After the first of his two Ironman titles, in 1980, Scott began designing training programs for budding triathletes. They phoned from all over the country, and he would talk to them for hours. Finally he began to charge for the service, anywhere from $150 to $275 for drawing up a one-year regimen. In '82 he completed 12 of them. He also stages daylong clinics—six last year—from which he takes home between $300 and $800.
Scott also has four sponsors—Nike, which provides all of his athletic clothes and pays him a salary, with bonuses based on his competitive performance, Anheuser-Busch, Bell (helmets) and Peak Performance (vitamins), all of which pay him "a little money." His major competitors—Molina, Allen and Scott Tinley, the February 1982 Ironman winner—are sponsored by a San Diego outfit named JDavid (see box below).
No triathlete has yet made a living from prize money. Ironman, the sport's most prestigious competition, has never offered any, apparently on the theory that just taking part is reward aplenty. Top prizes at the $15,000 Gulf Coast Triathlon in May were $2,500. The 11 sprint races of the 1983 U.S. Triathlon Series had purses of only $4,000, with $1,000 to the winners. The U.S. Triathlon Series Championship race that took place two weeks ago near Yosemite National Park paid $3,500-to each winner.
Last January in Davis, Scott, juggling his bank balance and his 1983 schedule, was doing six three-sport workouts a week—runs usually first, swims always last, because "running pounds your legs into the ground. If you do it after cycling, when you're fatigued, you become especially vulnerable to injuries. But the swimming, aaah, after all that pounding and pumping, it feels so good."
On the night of one of those January cycling ordeals, Scott rolled back the cover of the Civic Center pool, dived in and disappeared in a steamy cloud. His wayward left arm kept poking out, like the neck of a bottom-feeding swan, and he swam 4,850 yards. That's typical daily yardage for a world-class triathlete, but the arrangement of Scott's rest intervals was unusually demanding. Between each of the first five of seven 500s he paused for 30 seconds; the 500s grew faster, and between the sixth and seventh, though he had grown progressively more fatigued, he only paused for 15 seconds. "Most people don't do rest intervals that way," he said. "It's for added stress." So goes his season. The 500s get faster, and the rests get shorter, sometimes down to five seconds with a big race coming up.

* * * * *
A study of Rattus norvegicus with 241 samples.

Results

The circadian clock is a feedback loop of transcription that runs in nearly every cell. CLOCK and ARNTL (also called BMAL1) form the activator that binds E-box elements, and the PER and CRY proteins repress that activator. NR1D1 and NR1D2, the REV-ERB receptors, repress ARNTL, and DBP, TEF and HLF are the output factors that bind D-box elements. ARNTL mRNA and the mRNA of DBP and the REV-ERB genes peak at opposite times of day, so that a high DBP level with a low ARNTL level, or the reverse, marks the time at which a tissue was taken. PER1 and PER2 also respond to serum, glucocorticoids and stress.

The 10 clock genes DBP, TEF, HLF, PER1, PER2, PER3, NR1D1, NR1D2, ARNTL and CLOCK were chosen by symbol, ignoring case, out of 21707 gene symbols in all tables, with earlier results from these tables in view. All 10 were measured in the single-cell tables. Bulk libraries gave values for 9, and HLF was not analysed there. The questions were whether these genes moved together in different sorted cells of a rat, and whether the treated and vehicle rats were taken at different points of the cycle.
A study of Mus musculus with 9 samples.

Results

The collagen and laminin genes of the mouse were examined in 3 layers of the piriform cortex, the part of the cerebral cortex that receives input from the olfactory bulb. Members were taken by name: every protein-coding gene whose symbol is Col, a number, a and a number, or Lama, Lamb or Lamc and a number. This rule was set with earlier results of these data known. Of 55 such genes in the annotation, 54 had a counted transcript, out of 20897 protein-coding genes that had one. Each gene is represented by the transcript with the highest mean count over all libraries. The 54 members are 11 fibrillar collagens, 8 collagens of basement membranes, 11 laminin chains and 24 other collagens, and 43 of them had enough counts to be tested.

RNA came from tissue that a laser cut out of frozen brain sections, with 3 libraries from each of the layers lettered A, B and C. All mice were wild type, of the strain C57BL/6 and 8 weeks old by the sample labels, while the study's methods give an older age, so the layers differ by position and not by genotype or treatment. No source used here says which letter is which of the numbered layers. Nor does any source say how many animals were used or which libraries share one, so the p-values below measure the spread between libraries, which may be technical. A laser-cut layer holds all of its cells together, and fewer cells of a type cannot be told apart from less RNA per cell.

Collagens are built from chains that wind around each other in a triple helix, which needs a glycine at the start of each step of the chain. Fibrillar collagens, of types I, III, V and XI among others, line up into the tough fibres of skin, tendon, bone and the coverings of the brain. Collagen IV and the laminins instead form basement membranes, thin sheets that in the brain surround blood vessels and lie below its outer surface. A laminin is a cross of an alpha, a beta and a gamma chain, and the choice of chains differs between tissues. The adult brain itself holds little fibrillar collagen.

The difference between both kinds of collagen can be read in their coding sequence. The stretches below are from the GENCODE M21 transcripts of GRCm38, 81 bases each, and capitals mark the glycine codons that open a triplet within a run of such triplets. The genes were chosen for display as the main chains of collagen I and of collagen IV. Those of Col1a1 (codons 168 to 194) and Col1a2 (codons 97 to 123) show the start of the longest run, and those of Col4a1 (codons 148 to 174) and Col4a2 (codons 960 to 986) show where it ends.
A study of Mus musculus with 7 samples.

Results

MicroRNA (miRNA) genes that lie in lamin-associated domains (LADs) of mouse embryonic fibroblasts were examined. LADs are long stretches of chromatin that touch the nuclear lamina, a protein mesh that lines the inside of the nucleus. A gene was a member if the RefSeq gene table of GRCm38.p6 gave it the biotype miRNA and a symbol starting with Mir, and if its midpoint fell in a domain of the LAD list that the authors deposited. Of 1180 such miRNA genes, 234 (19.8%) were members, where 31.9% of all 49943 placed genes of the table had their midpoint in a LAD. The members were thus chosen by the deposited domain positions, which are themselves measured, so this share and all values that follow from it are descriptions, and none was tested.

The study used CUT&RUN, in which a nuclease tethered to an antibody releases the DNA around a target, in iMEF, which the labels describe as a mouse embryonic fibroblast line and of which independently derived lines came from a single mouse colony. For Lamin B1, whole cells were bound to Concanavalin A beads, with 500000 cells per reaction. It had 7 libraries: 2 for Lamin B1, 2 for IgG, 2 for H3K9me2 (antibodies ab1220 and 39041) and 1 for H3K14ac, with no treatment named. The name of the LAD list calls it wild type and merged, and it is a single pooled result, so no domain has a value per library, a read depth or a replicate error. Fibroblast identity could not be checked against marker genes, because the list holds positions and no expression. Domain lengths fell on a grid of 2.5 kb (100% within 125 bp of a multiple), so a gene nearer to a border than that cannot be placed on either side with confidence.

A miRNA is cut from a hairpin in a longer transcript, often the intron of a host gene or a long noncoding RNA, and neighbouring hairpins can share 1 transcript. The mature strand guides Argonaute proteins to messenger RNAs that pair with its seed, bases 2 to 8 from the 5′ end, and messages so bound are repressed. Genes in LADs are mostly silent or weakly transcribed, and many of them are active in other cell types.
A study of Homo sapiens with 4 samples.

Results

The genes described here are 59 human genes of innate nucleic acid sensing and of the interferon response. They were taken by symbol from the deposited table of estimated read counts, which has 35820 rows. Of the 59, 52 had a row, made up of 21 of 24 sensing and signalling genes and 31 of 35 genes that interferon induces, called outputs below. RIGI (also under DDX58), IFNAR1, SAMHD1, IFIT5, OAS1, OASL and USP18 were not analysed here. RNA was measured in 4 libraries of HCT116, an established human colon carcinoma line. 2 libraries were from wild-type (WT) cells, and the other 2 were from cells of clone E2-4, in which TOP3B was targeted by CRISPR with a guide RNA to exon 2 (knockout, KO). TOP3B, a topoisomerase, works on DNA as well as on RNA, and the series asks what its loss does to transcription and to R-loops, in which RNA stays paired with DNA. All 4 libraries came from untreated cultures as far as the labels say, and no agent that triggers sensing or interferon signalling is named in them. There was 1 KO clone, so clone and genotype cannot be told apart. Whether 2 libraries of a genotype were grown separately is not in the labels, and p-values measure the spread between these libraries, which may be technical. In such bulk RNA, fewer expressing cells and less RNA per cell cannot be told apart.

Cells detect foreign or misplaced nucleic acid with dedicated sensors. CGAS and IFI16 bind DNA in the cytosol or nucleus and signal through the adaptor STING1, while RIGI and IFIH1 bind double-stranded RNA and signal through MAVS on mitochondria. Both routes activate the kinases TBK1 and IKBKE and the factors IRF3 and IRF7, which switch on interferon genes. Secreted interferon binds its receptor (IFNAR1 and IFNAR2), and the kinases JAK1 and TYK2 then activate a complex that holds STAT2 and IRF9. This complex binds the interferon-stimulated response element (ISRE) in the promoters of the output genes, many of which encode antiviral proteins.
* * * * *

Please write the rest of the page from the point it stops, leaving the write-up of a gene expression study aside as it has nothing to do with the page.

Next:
His endurance work done, Scott was still in the pool, but now on his back, head up, rear end way down, his feet in the air. He was "breaststroking"—feet first. Then he was dolphin kicking, as in the butterfly stroke. Still on his back. Another swimmer tried to mimic him and gave up, groaning. Scott chuckled. "Those exercises really work the midsection, don't they?" he said. "I invented them."
Scott started swimming at the ripe old competitive age of seven, and he continued in age-group competition until he was 17. Almost from the start his freestyle form featured that "horrendous" stroke. "I never felt swimming was my forte," he says. "I'm not very buoyant or flexible. I don't have a good kinesthetic sense." He played tight end and flankerback in his first two years at Davis High, and basketball for four years—"until I realized that I should stay in the water." He swam for four years at the University of California at Davis, but his best sport there was water polo. In his junior and senior years he was named to the All-America team.
From 1974 to 1981 Scott coached the Davis Aquatic Masters Swim Club, and in 1976 he got his bachelor's degree in physical education from Davis. He might have settled in for a lengthy coaching career were it not for a remark by a Navy man named John Collins.
Collins made his statement in a bar on Oahu in late 1977. A good-natured argument was in progress: "Who are the fittest athletes—swimmers, cyclists or runners?" Each group had its own favorite local race—the 2.4-mile Waikiki Rough Water Swim, the 112-mile Around Oahu Bike Race and the Honolulu Marathon. Collins piped up, "Why don't we put them all together?" And the Hawaiian Ironman was born. So, for all intents and purposes, was the triathlon.